STOCKBRIDGE — Health science students at Woodland High School in eastern Henry County expressed appreciation for some of the county’s emergency professionals in one of the celebrated holiday traditions.
The students, led by teacher Gail Dutton, delivered cookies to three different fire stations in the county on Thursday evening, sugar cookies that were made from scratch by the students in one of the school’s kitchen labs.
Two of those stations housed students as they conducted work training during this past semester.
The other fire station, located on Flat Rock Road, is Woodland’s local fire station and is the station that would respond in the event of an emergency at the school.
Students then traveled to the fire station adjacent to Salem Baptist Church, and then the new fire station on Kelleytown Road, the county’s newest fire station.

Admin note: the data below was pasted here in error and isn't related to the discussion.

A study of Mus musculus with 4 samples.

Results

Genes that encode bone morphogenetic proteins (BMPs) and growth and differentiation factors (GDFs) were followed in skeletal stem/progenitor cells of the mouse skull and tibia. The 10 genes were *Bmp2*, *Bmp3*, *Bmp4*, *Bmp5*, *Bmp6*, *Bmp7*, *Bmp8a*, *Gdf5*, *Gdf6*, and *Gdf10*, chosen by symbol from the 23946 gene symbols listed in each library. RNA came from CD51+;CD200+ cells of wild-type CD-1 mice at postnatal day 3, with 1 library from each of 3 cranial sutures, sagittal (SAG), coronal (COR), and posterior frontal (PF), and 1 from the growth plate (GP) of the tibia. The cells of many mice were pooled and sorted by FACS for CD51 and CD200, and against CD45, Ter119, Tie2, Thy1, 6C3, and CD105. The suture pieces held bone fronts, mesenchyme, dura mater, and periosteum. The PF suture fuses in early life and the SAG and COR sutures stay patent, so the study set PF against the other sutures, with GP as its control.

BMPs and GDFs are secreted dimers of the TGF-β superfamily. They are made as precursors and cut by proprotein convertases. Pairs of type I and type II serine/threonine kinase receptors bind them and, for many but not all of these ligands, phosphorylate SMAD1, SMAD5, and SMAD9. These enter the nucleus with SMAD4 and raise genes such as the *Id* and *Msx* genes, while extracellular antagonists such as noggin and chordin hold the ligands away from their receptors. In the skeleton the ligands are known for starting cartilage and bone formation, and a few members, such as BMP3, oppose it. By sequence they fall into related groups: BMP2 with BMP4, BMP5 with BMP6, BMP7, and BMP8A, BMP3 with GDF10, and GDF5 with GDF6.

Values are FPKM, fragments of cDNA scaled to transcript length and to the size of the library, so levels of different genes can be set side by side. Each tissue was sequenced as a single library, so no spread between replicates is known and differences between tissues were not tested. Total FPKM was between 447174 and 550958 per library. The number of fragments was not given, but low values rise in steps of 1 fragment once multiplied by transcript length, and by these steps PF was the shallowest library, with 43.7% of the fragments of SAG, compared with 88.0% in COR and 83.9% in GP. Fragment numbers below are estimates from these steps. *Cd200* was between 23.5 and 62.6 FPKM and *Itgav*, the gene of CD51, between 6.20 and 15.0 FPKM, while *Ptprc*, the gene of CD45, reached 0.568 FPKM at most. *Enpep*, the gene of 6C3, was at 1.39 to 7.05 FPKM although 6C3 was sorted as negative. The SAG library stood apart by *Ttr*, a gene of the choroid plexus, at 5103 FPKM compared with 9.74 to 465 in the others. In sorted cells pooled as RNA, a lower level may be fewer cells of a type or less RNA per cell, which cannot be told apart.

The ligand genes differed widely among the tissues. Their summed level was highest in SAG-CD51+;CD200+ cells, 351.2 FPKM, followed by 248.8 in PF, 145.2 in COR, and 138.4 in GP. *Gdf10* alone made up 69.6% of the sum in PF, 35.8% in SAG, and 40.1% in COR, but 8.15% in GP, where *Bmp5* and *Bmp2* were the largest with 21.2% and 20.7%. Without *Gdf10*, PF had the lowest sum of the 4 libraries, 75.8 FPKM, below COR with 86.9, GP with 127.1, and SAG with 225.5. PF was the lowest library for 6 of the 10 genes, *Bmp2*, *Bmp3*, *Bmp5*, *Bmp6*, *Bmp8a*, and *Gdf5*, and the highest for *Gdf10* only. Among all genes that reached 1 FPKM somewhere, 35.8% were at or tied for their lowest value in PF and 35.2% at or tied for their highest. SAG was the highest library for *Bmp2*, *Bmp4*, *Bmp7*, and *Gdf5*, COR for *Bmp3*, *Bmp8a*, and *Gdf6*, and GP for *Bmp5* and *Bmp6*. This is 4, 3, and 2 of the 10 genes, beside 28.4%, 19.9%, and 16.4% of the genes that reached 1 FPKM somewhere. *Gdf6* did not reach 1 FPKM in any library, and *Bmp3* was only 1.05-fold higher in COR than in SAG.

Firefighters at the stations were surprised by the gift, and some even joked that they would take all the cookies for themselves, rather than sharing them with the other shifts at the stations. Stations were given three batches of cookies each, one for each shift.
One student said it took three days to get the 300 cookies made, which involved everything from making the dough to making the frosting to baking the cookies.
“I had the opportunity to do the third rider program two years in a row, which means I was able to shadow a paramedic in the ambulance certain days of the week, to complete my class for third-year health care clinical,” said Lindsey Love, a senior and one of the vice presidents of HOSA.
Love also said that her experience convinced her to want to become an EMT when she is done with her education.
HOSA, formally known as the Health Occupations Students of America, is an international student organization consisting of health science students looking to get into the health care profession.